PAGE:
Coping With Anxiety In Dementia And Other Care

Anxiety is all too common in dementia and other care, but it doesn’t have to be. In this article, we’re going to explore some of the most common symptoms of anxiety, like feelings of fear, embarrassment or guilt and how they can affect your loved one. We’ll also discuss some coping mechanisms that you can use on their own or together with professional help to manage these feelings.

Introduction To Anxiety

Anxiety is a feeling of worry, nervousness, or unease. It can be mild or severe, and it can last for a short time or a long time. Many people with anxiety have physical symptoms, such as a fast heart rate, sweating, and dizziness. Anxiety can also make it hard to concentrate or sleep.

For people with dementia, anxiety can be caused by changes in their environment or health condition, by fears of being alone or losing control, or by memories of past trauma. Treating anxiety in dementia is very important as it can make symptoms worse and can lead to depression and social isolation.

There are many ways to cope with anxiety. Some people find that relaxation techniques such as deep breathing or yoga help them to relax. Others find that talking to a friend or therapist about their worries helps them to feel better. Cognitive behavioral therapy (CBT) is an effective treatment for anxiety that can help people to change the way they think about and respond to their anxiety.

Signs of Anxiety

Anxiety is a common emotion experienced by people with dementia and their caregivers. It can manifest itself in many different ways, including physical, behavioral, and emotional symptoms.

Physical signs of anxiety may include increased heart rate, sweating, trembling, shortness of breath, or feeling tense or restless. Behavioral changes associated with anxiety can include pacing, fidgeting, avoidance of eye contact, or withdrawing from social interactions. Emotionally, people with anxiety may feel fearfulness, nervousness, or a sense of dread.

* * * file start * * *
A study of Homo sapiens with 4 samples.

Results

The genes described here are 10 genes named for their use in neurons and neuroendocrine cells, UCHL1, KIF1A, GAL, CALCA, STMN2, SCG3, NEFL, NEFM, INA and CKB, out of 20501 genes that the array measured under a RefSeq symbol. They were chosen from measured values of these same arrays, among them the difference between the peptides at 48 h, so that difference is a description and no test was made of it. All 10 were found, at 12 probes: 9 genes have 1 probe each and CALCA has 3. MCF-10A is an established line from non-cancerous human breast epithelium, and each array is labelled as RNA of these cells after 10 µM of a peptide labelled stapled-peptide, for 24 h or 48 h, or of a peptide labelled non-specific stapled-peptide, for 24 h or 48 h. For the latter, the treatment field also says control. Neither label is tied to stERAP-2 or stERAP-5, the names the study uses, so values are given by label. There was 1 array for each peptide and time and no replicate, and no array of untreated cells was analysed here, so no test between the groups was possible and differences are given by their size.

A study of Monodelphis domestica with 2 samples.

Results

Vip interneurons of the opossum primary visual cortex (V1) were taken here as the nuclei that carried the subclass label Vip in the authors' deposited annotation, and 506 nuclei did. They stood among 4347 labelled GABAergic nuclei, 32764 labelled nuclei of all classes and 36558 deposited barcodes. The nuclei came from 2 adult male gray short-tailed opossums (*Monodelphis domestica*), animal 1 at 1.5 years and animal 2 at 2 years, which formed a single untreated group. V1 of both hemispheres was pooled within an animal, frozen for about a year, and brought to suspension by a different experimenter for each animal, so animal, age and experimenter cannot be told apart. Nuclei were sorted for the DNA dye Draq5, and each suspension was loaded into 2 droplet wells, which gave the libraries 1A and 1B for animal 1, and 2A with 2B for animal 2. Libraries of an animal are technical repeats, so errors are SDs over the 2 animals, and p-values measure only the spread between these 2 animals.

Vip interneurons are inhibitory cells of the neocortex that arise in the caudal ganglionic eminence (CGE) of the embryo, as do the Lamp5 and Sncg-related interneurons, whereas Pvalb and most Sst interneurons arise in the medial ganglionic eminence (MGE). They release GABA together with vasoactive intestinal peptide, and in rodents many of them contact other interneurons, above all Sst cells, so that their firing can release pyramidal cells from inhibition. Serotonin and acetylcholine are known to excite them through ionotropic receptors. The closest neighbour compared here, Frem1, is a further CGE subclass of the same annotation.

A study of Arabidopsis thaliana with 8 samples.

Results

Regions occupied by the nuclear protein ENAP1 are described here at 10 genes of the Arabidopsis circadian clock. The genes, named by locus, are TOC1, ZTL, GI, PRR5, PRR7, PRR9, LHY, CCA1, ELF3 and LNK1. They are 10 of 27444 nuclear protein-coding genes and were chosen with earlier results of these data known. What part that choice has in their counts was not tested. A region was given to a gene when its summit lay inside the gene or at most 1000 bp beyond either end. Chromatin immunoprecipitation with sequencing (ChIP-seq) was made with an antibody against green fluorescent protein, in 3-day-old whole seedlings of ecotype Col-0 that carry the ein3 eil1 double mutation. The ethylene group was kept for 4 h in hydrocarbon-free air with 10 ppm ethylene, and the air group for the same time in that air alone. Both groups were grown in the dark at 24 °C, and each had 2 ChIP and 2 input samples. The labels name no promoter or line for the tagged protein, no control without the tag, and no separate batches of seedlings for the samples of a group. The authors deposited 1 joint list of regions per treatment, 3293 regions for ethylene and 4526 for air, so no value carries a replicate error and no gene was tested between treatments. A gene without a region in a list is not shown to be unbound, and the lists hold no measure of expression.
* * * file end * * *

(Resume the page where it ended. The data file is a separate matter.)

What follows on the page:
If you notice any of these changes in your loved one with dementia, it’s important to talk to their doctor about possible causes and treatment options. There are many effective ways to manage anxiety, so don’t hesitate to seek help if needed.

Treating Anxiety in Dementia and Other Care

The following is a list of tips for treating anxiety in dementia and other care:

  1. Be patient and understanding. The individual with dementia may not be able to understand what is happening or why they are feeling anxious. It is important to be patient and try to explain things in a way that they can understand.
  2. Try to provide a calm and supportive environment. This may include reducing noise and stimulation, providing reassurance, and offering support and assistance with activities of daily living.
  3. Encourage positive social interactions. Spending time with friends or loved ones can help reduce anxiety levels. Participating in activities such as music therapy or reminiscence therapy can also be beneficial.
  4. Promote physical activity and exercise. Regular physical activity can help reduce anxiety by releasing endorphins (the body’s natural “feel good” chemicals). Exercise should be tailored to the individual’s abilities and interests.
  5. Help the individual relax through relaxation techniques such as deep breathing, progressive muscle relaxation, imagery, or massage therapy.
  6. Use medication cautiously and only as prescribed by a physician. Medications used to treat anxiety can have side effects, including sedation, which can worsen cognitive function in people with dementia.


Anxiety is a common issue for people living with dementia and their caregivers. It can be tough to cope with, but there are some things that can help. First, it’s important to understand what might be causing the anxiety and then try to address those issues. If possible, provide a calm and safe environment for the person with dementia, and offer support and reassurance. Finally, don’t forget to take care of yourself as well; caregiver burnout is real and can make anxiety worse.